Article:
After spending the last two weeks papering downtown Vancouver with missing person posters of Darius Smallboy, the young Indigenous man's family has just learned he was lying dead in a city morgue the entire time.
Smallboy's family is now speaking out about what they allege was an indifferent response from the Vancouver Police Department and an unacceptable delay in identifying his body.
"He was a good kid and it just feels like he didn't matter to the VPD," his aunt, Jamie Smallboy, told CBC.
"Sadly, that's the way it is for Indigenous people. We're invisible to them. We're not a priority in any way."
Darius Smallboy, 23, was last seen leaving his apartment building near Fraser Street and Broadway on Nov. 3.
On Thursday, the family was informed that a passerby had found Smallboy close to death in the Downtown Eastside on Nov. 4. He died the same day, but it has taken this long to identify the body, despite the family's efforts to draw attention to the case.
A spokesperson for the B.C. Coroners Office confirmed that Smallboy's death is under investigation, but said he was unable to provide any further information while the case is still open.
'He never took off like that': aunt
Jamie Smallboy said her brother, Darius's dad, tried to report him missing to the police on Nov. 5 when he hadn't heard from him for more than a day.
"This was out of character for him. He never took off like that. He never stopped communicating with his dad," Jamie Smallboy said.
But she said police wouldn't take the missing person report at first, saying to wait a couple of days. A report was officially filed on Nov. 7, by which time Darius had already been dead for three days.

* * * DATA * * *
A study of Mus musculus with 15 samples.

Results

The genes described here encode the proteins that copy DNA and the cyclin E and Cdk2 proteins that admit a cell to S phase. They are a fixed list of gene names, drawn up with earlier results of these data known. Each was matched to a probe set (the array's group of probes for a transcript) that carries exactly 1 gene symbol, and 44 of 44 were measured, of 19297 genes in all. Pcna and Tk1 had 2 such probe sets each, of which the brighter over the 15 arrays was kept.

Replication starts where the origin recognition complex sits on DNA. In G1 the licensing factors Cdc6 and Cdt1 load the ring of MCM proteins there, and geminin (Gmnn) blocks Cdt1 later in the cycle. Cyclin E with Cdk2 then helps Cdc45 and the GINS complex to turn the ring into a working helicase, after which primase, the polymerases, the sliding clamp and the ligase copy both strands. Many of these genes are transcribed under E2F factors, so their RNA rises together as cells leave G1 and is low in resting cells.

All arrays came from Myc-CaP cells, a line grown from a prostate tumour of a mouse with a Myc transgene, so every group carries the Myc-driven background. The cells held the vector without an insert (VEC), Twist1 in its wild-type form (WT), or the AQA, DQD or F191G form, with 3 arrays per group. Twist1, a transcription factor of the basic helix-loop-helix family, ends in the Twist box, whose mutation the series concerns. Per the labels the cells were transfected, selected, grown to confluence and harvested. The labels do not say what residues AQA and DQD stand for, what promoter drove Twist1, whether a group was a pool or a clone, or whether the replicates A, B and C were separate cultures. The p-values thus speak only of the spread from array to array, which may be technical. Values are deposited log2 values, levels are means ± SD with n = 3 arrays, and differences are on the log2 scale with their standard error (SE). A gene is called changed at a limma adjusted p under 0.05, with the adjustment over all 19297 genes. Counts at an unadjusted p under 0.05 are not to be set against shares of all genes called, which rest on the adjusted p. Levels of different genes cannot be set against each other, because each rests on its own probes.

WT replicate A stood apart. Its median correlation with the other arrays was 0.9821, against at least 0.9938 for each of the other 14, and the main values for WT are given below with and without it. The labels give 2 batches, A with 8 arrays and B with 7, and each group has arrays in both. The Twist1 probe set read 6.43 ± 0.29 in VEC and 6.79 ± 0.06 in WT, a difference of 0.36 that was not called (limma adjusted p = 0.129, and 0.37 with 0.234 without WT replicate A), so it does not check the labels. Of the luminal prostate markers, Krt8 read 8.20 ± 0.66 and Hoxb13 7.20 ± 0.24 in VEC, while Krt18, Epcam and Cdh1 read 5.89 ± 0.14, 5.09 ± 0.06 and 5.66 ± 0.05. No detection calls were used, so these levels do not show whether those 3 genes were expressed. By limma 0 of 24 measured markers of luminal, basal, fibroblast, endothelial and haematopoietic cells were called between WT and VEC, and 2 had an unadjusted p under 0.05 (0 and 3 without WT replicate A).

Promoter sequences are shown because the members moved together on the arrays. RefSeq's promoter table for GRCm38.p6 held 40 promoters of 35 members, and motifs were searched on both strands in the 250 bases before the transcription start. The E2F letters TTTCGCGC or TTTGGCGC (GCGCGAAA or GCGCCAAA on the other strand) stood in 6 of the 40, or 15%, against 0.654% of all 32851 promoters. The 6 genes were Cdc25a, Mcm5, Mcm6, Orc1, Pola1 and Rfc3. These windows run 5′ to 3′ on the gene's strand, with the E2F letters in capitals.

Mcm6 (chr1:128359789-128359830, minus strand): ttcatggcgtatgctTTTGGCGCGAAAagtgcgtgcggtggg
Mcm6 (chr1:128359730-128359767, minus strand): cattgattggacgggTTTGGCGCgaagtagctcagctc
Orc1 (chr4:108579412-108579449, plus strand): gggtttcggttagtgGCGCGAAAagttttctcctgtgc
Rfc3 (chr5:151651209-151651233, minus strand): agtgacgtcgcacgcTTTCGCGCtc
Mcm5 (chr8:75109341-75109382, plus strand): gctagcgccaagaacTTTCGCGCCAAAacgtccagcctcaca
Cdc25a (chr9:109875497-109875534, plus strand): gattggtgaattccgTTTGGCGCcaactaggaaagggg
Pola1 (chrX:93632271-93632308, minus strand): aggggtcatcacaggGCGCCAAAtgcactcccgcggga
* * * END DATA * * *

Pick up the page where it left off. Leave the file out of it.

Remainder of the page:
A written statement provided by the Vancouver Police Department said the coroners' office is the lead agency on the case, and Darius Smallboy's death is not the subject of a criminal investigation.
"Our Missing Persons Unit had been actively searching for him since the time he was reported missing. His name and information was entered into a national police database and notifications were sent out to front-line VPD officers," the statement reads.
"We worked with family and took a number of investigative steps to locate him, including investigating whether he was using any phones or bank accounts."
The statement did not address questions about the family's claims that an attempt was made to file a missing person report on Nov. 5.
Jamie Smallboy said that when her family was out searching for the missing man, they regularly approached VPD officers to make sure they knew Darius was missing and to ask for any updates in the case.
"They'd say, OK, we'll keep an eye out for him and we'll forward it to the next shift," she said.
But when the next shift of officers arrived, she alleges they hadn't heard about her missing nephew.
"It got to the point where we just like, why even bother asking them?" Jamie Smallboy said.
She added that some officers also dismissed her concerns and made assumptions about what had happened.
"Most of them, minus a couple, they're like, 'Are you sure he's missing? Are you sure he's not on a binge? He's probably just out here using — maybe he doesn't want to go home,'" she said.
Darius suffered from chronic pain and was addicted to painkillers, but he wasn't known to go on binges and disappear, Jamie Smallboy said.
"The VPD, they need to be more considerate and actually listen and not just wipe everyone off with the same brush and be like, 'Oh well, they're addicts,'" she said.